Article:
We are all exposed to unethical behavior all of the time. We constantly have to make decisions as to what we are going to do. Should we go along, refuse to take part, expose the behavior, or maybe sue someone? Edward Snowden decided that what he found as a contractor’s employee working for the National Security Agency was so bad that he felt he needed to leak it to the press and leave the country to avoid being arrested. This was a pretty big self-sacrifice.
First ethical dilemmas
Most of us face our first ethical challenge as children. Often it is a case such as the one I experienced: My mother offered me an out when she asked me who had drawn on the wall. I could admit that I did it, or I could blame the other being in the room. I chose to blame the other being. This solution didn’t work for me because the dog clearly could not draw! Hopefully, we learn from these decisions and mistakes, to tell the truth. Copying school work often provides the next ethical decision we have to make. Should we tell the teacher when we see someone copying?
In our 22 years as hazardous waste remediation contractors, my partner and I often had to make decisions between what our client wanted us to do and keeping on the ethical straight and narrow. We were asked to move lines on contaminated plume maps so that the plume would end where the property did. We had lawyers ask us to assert that their client was in compliance: “Can’t you say that at this one minute in time he was in compliance, write that in your report and not mention that at the next minute he was not in compliance?” We have been asked to destroy draft reports that reflected where clients had eliminated words, like “contamination,” “dangerous,” and “waste.” We have been asked to give the client’s representative expensive gifts.
Sometimes the request was more subtle, as when my husband, Bob, worked in the Office of Nuclear Waste Isolation and was instructed to answer all questions of a certain kind with a phrase like, “This is what the Department of Energy has decided to do.” This created more of an obfuscation than a lie, but it still rankled.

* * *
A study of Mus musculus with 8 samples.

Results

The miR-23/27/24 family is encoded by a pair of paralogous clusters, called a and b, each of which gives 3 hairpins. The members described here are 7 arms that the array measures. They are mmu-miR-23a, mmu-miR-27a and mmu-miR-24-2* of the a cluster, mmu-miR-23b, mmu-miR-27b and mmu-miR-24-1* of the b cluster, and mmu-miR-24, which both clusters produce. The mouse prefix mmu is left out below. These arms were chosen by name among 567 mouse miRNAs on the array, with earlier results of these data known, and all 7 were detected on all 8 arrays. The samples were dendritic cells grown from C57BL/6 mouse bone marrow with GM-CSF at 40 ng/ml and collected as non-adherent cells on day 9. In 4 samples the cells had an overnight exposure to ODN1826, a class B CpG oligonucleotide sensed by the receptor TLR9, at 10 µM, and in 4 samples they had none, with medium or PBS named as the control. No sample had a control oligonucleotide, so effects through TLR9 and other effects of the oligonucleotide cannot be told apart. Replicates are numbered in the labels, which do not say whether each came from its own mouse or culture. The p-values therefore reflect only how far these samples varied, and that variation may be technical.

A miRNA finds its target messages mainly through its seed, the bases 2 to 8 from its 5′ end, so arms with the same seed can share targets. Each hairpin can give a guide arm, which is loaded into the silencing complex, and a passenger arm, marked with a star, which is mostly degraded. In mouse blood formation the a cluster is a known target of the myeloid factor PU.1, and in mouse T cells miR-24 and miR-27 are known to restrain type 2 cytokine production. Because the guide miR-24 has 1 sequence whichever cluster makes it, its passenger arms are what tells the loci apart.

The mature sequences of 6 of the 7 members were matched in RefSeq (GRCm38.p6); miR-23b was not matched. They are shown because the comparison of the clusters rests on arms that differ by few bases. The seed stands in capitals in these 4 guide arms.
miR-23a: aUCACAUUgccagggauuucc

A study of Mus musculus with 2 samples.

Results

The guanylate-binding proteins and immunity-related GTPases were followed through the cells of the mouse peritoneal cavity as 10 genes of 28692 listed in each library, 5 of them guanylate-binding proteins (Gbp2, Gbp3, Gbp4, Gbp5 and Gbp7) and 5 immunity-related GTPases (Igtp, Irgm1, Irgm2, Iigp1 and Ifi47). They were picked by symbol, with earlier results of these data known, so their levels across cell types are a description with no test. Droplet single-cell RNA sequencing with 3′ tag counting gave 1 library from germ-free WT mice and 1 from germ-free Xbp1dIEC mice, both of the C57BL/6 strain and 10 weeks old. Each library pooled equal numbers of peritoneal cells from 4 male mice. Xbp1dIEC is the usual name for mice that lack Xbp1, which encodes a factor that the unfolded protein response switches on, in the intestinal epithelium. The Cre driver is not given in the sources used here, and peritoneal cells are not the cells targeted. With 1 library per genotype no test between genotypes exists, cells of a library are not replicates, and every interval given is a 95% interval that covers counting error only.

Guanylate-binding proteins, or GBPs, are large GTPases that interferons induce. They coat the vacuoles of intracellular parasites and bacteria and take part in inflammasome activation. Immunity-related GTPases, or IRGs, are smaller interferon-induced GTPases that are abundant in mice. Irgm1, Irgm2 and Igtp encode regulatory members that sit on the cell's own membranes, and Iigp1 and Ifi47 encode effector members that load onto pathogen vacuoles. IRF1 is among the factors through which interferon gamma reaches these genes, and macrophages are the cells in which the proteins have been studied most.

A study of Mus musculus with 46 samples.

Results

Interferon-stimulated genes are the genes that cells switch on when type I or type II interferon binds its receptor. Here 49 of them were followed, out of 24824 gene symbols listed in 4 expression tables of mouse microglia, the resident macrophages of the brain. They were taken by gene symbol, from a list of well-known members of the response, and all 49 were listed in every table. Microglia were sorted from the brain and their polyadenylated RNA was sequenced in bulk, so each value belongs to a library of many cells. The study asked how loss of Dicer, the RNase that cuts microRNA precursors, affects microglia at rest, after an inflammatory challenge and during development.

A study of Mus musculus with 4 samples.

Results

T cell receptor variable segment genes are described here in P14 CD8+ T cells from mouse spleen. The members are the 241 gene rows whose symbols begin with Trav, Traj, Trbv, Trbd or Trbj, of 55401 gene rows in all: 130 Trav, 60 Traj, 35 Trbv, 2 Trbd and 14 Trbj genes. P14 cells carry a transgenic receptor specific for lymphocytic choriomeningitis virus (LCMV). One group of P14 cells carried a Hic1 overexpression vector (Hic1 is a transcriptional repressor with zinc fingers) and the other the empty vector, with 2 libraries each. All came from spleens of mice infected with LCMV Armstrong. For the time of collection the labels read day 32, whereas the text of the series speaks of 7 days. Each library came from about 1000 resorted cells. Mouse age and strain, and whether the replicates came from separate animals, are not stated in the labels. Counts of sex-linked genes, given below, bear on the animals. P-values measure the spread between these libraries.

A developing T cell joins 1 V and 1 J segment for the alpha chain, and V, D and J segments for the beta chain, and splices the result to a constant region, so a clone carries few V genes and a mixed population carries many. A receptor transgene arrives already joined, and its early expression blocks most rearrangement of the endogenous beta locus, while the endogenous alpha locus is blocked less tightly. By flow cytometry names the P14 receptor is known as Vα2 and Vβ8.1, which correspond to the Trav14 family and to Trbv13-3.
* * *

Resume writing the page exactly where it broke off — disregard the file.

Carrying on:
Since people behaving unethically is pretty much all-pervasive, the solution for work-world ethical dilemmas is determined by whether we want to keep our job or not. If you don’t mind losing your job, or your citizenship, you can simply and righteously tell everyone who will listen about the unethical behavior of your client or supervisor. I always feel that this approach makes a momentary effect, but as soon as you are gone, everyone forgets about you. Snowden is getting a bit more mileage out of this than is the norm.
Often, you can tell if an accusation is on the mark or not by the response. Pretty much if an entity or person is accurately accused, they respond with one of these phrases: “You are behaving unprofessionally,” “You are a traitor,” or “How could you hurt this organization like that?”
For those of us who want to keep our jobs, the solution is to politely guide the client to a proper resolution. In our business we have had to explain why we can’t change the scientific data, but propose how the client can deal with the outfall. We have agreed to purchase winter coats for a client, but we explained how the costs of the coat would show up in their detailed invoice. We decided to tell clients upfront in our initial contract negotiations that we would not destroy draft reports.
Did Edward Snowden make the right choice? Did he have any other options? Is he a traitor, or a hero?